How much thought do you give to the cushion that supports your head and neck for approx. 3000 hours a year? Chances are, not a lot! Most of us know we should replace our pillow occasionally, but how often is ‘occasionally’?

‘The average person uses the same pillow for three years and two months, 14 months longer than recommended’.

If you’re guilty of this, there are some very good reasons why investing in a new pillow could do your health wonders.  When we sleep, your pillow should give good support to the cervical spine (your neck), keeping it in a neutral position whether you’re lying on your side or back.  If your pillow isn’t up to this job, you’re likely to feel restless in your sleep or wake with stiffness, arm pain or headaches in the morning. If you wake feeling tired, chances are you’ve been tossing and turning in the night trying to get comfortable.  Did you know your pillow could also be related to common breathing problems also associated with waking tired, such as asthma.

So are you guilty of keeping yours too long? Signs you may need a new one…

  • Rolling over during the night or waking up with a stiff neck
  • Waking with a headache
  • Waking feeling tired and unrested ⠀
  • If you fold your pillow in half and it doesn’t spring open straight away by itself, then it’s done – put it in the bin!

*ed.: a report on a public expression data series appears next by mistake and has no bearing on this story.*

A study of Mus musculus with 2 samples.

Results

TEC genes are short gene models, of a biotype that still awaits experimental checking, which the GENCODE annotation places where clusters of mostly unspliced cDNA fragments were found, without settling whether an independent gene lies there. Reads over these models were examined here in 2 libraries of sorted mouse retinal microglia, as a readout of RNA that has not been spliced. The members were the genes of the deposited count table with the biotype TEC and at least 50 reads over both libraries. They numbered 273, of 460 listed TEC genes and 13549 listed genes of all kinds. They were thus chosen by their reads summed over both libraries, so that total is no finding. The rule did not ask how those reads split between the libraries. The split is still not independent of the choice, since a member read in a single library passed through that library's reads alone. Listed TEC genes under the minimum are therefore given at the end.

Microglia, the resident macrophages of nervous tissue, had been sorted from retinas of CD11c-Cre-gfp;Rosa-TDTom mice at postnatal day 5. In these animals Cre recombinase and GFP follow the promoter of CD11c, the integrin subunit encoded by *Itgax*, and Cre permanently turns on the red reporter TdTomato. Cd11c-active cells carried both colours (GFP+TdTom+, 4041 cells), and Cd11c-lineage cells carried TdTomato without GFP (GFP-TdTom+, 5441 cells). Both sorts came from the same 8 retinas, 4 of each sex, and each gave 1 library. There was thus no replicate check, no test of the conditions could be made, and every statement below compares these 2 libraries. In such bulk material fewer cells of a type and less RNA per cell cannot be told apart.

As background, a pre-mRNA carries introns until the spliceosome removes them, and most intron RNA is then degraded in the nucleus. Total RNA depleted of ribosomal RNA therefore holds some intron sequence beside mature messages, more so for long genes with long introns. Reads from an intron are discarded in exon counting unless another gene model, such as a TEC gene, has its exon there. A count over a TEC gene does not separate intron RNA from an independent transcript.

If you answered YES to any of these, it’s time ⏰… Pillows don’t have to be expensive, they just have to be right for you.  So how do you pick the right pillow? We’re glad you asked! Here are our hot tips for selecting the right one for you…

  • If you are a side sleeper, the pillow should be the right height to fill in the whole area between your bed/shoulder and bed, so your neck stays straight (as in the pic)
  • Same applies if you’re a back sleeper, but the pillow will need to be lower! ⠀⠀
  • Pick a material that holds its shape – memory foam or latex is ideal. If it’s too soft, you’ll start in the right position, but be stiff and sore by the morning! A study in the Journal of Pain Research looking at side sleepers found feather pillows were more associated with headaches or neck pain on waking. Latex was rated the best.
  • Contoured, flat, it doesn’t matter. You choose! Don’t be afraid to ask to try a pillow in the shop. You won’t know if its comfortable just by looking at it…

Not sure what’s right for you?! We stock a great range of good priced supportive pillows, ask one of our Physios to help!